Remember the day I raced against Rubavu-based fishermen at 5 in the morning? It was an early morning canoeing expedition that created cherished memories. After the race, I had stopovers on Akeza and k’Abakobwa islets before returning to La Bella Lodge for breakfast.
There is something magical about water bodies. It’s common to see people traveling long distances in pursuit of the sand, the sight of the gentle waves and the cool breeze. Kicking back on sandy beaches and sipping beverages prescribed for holiday makers vacationing in exotic destinations is absolutely sensational but not enough to quench my thirst. Any activity that can be done on the shuffled waves does the trick. Canoeing is definitely one of them.
What do canoes and traditional bicycles have in common? They are both engineless. They are propelled by their users’ physical strength. Like cycling, canoeing is healthy and environmentally friendly. It is a mode of transport that doubles as a sport. This activity enables its user to move from point A to point B while exercising. In this case, one stone kills two birds.
Canoeing is sometimes confused with kayaking. A kayak is a canoe-like light boat powered by a double-bladed paddle. Most kayaks have enclosed decks, but inflatable ones are growing in popularity. In some cases, canoe and kayak are used interchangeably but there are slight differences between the two. Canoe paddlers use single-bladed paddles and their vessels are usually open.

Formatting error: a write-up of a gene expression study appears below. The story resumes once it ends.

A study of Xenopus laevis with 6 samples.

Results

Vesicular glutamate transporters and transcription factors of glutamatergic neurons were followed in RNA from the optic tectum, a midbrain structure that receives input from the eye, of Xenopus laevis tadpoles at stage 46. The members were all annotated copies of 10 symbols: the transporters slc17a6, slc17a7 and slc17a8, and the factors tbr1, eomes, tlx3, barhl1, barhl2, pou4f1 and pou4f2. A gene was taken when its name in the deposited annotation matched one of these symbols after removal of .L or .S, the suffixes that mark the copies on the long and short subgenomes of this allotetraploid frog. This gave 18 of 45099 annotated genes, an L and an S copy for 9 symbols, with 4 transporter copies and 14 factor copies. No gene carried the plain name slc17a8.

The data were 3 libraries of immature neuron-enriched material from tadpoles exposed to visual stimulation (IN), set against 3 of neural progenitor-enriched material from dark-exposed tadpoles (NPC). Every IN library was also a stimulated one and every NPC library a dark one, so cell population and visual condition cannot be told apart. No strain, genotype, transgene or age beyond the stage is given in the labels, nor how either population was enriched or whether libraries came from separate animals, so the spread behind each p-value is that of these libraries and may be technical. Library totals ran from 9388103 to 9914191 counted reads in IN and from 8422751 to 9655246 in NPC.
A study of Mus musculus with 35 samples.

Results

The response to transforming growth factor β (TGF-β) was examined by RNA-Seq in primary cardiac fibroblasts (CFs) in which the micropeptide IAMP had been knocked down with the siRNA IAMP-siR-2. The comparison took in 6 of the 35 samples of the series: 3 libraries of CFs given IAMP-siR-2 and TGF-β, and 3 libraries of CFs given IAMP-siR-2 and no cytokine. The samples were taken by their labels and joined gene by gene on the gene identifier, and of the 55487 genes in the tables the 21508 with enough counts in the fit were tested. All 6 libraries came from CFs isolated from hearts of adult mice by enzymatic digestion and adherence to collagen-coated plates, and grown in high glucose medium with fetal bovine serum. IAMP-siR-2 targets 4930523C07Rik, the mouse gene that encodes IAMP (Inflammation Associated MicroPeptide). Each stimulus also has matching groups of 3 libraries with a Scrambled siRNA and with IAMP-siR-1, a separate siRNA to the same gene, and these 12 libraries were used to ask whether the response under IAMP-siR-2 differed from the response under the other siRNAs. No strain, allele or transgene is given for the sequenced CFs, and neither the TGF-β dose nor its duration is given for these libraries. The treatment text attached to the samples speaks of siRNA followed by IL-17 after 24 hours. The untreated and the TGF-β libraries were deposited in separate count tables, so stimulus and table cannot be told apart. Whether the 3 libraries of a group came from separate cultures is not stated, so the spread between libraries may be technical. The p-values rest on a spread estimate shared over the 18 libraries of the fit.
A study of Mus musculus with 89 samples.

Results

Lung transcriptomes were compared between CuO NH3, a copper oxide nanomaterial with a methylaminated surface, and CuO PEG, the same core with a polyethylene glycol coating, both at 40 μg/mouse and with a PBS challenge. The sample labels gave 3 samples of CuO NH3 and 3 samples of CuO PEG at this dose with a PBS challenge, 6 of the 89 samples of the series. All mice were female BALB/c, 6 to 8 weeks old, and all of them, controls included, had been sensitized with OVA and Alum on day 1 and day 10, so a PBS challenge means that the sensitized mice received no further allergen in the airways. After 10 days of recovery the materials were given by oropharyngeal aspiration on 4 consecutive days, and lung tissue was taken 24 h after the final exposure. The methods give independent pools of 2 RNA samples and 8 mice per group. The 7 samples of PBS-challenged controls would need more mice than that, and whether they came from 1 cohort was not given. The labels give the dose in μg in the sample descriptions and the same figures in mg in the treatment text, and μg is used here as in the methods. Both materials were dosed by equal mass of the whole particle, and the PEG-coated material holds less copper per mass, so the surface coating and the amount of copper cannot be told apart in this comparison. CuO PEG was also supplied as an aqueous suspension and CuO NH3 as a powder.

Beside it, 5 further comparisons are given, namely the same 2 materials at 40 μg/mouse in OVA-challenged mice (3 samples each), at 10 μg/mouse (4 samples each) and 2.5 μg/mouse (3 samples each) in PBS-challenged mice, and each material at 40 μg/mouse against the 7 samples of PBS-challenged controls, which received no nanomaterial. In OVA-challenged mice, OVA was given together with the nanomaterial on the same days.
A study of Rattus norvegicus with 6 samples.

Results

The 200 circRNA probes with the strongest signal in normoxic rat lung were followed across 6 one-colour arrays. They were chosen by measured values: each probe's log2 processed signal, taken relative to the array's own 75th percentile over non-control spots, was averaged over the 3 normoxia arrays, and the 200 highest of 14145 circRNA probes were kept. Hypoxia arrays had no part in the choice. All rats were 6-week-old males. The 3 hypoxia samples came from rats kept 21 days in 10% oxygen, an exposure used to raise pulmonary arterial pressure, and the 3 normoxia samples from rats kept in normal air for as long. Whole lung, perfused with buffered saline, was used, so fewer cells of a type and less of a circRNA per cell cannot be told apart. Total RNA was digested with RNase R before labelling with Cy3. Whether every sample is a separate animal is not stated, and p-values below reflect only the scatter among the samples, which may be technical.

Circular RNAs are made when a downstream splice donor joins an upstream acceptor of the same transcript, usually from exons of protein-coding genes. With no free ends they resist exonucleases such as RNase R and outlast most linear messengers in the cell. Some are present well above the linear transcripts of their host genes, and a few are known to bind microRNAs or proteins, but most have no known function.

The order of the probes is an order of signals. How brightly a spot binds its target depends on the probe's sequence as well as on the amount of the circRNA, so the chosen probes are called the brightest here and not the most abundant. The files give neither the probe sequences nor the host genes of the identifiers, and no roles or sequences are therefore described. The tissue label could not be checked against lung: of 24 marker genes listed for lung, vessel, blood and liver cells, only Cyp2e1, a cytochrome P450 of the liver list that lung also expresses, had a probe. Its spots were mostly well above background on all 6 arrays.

Paddle boarding, on the other hand, is a hybrid product of kayaking and canoeing. You can do paddle boarding while sitting, kneeling or standing. Stand up paddle boarding requires balancing skills that take only a few minutes to develop. The three interrelated leisure pursuits improve cardiovascular fitness and strengthen different parts of the body.
When I set foot on Akeza Island, it felt like stepping on a little slice of heaven. The atmosphere around the island arouses dreams of paradise. It was during this stopover when I added "camping on Akeza Island" on my bucket list.
When I docked on Akarwa k’Abakobwa (girls’ island), my heart bled. This is where our forefathers used to dump their pregnant daughters as punishment for pre-marital pregnancies. Abandoned girls would be thrown there like pieces of trash. When Abashi men from the other side of the lake came for their rescue, the poor girls ended up in forced marriages under depressing conditions.
Canoeing, at sunrise, around Rubavu’s picturesque islands was the best way to kick-start my adventurous day. Lake Kivu’s sunrise is a spectacle you would want to see one day.
The author is an adventurer on a tour of all 30 districts and 416 sectors of Rwanda. Follow his awe-inspiring expeditions on Twitter @GeoExposure.